The Supreme Court justices on Wednesday appeared reluctant to give police unlimited power to enter a home without a warrant when pursuing a suspect for a minor crime in a case involving a California driver tailed by an officer after honking his horn while listening to music.
The driver, Arthur Lange, was later convicted of driving under the influence after being confronted inside his garage by California highway patrol officer Aaron Weikert in 2016. Lange is seeking to overturn his conviction by arguing that sobriety test evidence in the case was obtained by Weikert in violation of the U.S. Constitution’s Fourth Amendment ban on unreasonable searches and seizures.
The nine justices heard arguments in the case and are due to rule by the end of June. A broad decision finding that any police pursuit, whatever the nature of the suspected offense, justifies a warrantless entry appears unlikely based on comments by the justices.
“It seems ridiculous when your home isn’t your castle for terribly minor things,” liberal Justice Stephen Breyer said.
Conservative Chief Justice John Roberts raised the example of teenagers fleeing back to their homes after being caught drinking beer in a park as an example of a situation in which warrantless entry would be inappropriate.
“It doesn’t seem to be something that would warrant the officer, you know, breaking into the house,” Roberts said.
After observing Lange driving and honking his horn, Weikert began following him and intended to stop him for violating local noise restrictions, a minor infraction that carries small fines, but did not immediately turn on the police vehicle’s emergency lights, according to filings in the case.
Lange was already in his driveway when the officer caught up with him and activated his emergency lights. Weikert pulled into the driveway as Lange was driving his car into his garage. Lange later said he did not know the officer had been following him.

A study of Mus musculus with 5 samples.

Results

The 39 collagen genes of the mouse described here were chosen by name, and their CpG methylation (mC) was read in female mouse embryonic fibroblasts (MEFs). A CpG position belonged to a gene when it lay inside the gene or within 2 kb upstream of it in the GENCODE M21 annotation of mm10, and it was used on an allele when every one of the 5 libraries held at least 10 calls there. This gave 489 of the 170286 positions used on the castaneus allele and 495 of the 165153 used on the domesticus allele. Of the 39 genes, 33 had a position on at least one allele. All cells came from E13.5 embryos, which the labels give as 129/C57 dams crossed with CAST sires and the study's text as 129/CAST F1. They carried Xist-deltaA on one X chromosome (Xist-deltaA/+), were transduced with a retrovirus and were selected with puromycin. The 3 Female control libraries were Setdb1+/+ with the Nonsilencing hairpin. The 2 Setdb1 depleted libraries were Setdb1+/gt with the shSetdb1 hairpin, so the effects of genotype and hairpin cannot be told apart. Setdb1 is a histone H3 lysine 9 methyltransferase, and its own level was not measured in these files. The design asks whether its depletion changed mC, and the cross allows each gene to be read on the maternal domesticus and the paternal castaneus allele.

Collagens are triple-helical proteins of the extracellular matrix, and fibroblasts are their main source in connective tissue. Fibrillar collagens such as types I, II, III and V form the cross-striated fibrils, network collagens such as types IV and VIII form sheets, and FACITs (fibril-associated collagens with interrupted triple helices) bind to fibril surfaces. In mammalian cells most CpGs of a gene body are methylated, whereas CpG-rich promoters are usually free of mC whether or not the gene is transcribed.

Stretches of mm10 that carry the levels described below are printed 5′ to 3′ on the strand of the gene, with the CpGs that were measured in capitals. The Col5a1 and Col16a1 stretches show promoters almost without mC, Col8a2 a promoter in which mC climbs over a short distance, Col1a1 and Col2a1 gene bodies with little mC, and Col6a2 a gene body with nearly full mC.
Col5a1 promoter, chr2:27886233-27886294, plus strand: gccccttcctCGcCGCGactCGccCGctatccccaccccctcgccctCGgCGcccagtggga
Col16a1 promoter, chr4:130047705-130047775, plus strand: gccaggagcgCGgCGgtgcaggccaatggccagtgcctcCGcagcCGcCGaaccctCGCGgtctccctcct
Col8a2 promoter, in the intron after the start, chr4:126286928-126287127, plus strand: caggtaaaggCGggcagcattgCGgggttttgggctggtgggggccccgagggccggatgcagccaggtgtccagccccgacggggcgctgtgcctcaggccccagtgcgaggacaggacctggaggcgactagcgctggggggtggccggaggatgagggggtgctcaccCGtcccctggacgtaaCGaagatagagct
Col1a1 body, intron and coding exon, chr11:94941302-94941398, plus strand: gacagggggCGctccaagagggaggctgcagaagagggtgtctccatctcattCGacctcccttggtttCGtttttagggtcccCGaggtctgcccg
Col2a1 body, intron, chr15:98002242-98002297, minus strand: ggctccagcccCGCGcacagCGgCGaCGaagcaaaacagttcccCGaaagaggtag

The garage door was just about to close when Weikert stuck his foot under the door, preventing it from shutting.
Weikert said he smelled alcohol and ordered Lange to take a sobriety test. Lange was found to be more than three times over the legal limit and was charged with driving under the influence (DUI) and a noise infraction.
Lower courts ruled against Lange, deeming the incident a “hot pursuit” that allowed a warrantless entry. The justices potentially could rule that the incident was not a “hot pursuit,” meaning a warrant would have been needed.
Conservative Justice Clarence Thomas referred to it as a “kind of meandering pursuit.”
Such a ruling still could allow police to enter houses without warrants in certain circumstances even if the underlying crime was a misdemeanor.
Lange pleaded no contest to the DUI offense and was sentenced to 30 days in jail and three years of probation.
The California Court of Appeals in 2019 upheld Lange’s conviction. Lange then asked the Supreme Court to rule that police officers cannot evade the warrant requirement when chasing someone to their home when the underlying conduct constitutes a misdemeanor offense.
Under Supreme Court precedent, officers can enter a home without a warrant when they are in pursuit of a suspected felon.
The issue of police powers has been in the spotlight particularly during protests in many cities last year against police brutality and racism. A broad ruling in favor of police could further expand their powers by widening their ability to enter homes without a warrant after pursuing people suspected of misdemeanor offenses, not just felonies.